In many ways, research assessment is similar to research analysis except it happens after program implementation and aims to articulate the outcomes of a policy or program. It is mainly concerned with the measuring, describing and understanding the outcomes (positive and negative) of a policy action.
By applying good research design principles, research evaluation aims to understand if a policy or program was effective in reducing a problem or burden. If a postive benefit was not realised or not realised to the expected extent, a researcher should seek to understand what caused the benefit failure.
If benefits were realised, a researcher might explore whether or not the beneftis reached all the intended taget groups. This may be an important research focus, because often policy actions benefit the powerful, well connected or wealthier members of a society. If inequity in benefit distribution is found, the researcher should seek to understand the cause of the inequity.
Lastly, research assessments often focus on questions about cost-efficiency and sustainability. Post implementation data on the benefits realised from policy programs, combined with actual policy cost data, can be used to calcuate a social return on investment or cost benefit ratio. This kind of research can be difficult, however, because controlling for other confounding factors that may have played a role in the accrual of benefits is very difficult in the real world environments into which most policy actions are implemented.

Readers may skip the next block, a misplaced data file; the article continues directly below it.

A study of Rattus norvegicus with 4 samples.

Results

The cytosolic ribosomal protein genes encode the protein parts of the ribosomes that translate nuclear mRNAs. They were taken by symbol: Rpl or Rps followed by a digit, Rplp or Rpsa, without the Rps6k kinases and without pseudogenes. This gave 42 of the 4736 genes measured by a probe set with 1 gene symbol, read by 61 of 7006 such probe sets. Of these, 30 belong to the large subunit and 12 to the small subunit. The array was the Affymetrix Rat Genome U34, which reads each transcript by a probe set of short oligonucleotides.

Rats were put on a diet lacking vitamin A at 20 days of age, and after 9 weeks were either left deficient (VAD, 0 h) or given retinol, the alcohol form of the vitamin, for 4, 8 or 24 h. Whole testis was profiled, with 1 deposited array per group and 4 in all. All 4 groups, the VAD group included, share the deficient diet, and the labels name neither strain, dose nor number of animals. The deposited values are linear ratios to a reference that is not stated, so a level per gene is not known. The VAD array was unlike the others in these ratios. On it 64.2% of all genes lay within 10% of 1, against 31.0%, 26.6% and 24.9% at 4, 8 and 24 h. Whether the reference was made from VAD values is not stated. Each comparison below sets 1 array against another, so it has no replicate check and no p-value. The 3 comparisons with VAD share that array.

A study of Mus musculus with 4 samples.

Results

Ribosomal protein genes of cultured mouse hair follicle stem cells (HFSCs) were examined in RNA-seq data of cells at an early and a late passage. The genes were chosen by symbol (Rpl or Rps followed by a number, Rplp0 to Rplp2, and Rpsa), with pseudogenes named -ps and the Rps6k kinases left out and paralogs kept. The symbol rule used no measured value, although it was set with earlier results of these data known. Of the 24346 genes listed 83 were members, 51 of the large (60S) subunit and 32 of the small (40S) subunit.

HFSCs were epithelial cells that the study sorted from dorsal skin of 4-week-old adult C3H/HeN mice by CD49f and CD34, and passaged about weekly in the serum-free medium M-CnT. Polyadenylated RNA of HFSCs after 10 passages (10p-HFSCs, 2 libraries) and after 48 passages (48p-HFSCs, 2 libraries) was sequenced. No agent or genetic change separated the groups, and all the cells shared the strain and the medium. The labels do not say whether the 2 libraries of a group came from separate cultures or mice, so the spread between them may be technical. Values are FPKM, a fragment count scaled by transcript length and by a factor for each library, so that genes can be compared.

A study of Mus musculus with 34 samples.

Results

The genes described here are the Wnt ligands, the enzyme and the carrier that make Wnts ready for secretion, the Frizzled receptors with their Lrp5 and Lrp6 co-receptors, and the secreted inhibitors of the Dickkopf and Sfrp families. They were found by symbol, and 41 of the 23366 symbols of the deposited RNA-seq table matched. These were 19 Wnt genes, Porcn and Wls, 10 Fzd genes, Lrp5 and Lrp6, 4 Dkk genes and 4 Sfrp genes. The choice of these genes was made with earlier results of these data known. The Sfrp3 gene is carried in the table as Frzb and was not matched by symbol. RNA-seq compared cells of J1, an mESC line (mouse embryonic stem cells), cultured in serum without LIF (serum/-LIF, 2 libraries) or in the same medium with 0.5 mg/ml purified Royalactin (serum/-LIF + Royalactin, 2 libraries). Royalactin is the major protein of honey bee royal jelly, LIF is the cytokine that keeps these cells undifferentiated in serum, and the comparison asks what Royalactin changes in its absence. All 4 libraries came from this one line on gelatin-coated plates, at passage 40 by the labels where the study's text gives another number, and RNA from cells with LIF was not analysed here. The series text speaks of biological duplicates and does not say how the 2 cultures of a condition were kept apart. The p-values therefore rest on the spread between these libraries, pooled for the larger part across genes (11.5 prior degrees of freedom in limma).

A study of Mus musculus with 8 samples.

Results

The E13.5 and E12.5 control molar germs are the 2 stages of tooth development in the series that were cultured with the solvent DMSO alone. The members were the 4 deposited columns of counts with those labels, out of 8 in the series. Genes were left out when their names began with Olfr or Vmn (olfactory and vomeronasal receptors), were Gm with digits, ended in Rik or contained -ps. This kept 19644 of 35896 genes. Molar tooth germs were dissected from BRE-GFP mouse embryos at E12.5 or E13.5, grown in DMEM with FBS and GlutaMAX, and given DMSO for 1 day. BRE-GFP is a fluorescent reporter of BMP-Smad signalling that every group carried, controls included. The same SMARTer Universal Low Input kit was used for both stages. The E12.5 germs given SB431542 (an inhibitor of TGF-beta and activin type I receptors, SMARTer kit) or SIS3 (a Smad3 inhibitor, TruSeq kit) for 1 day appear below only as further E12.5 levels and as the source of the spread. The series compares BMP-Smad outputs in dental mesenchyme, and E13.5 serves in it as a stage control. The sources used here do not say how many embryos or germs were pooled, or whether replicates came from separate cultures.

Both qualitative and quantitative methods can be employed in research evaluation and there are many theories for use when evaluating policy implementation. Researchers should match the data collection approach to the specific aim of the research question. Details on the strengths and limitations of each data collection approach were presented earlier in this module.
Please read a short summary on research methods in the following.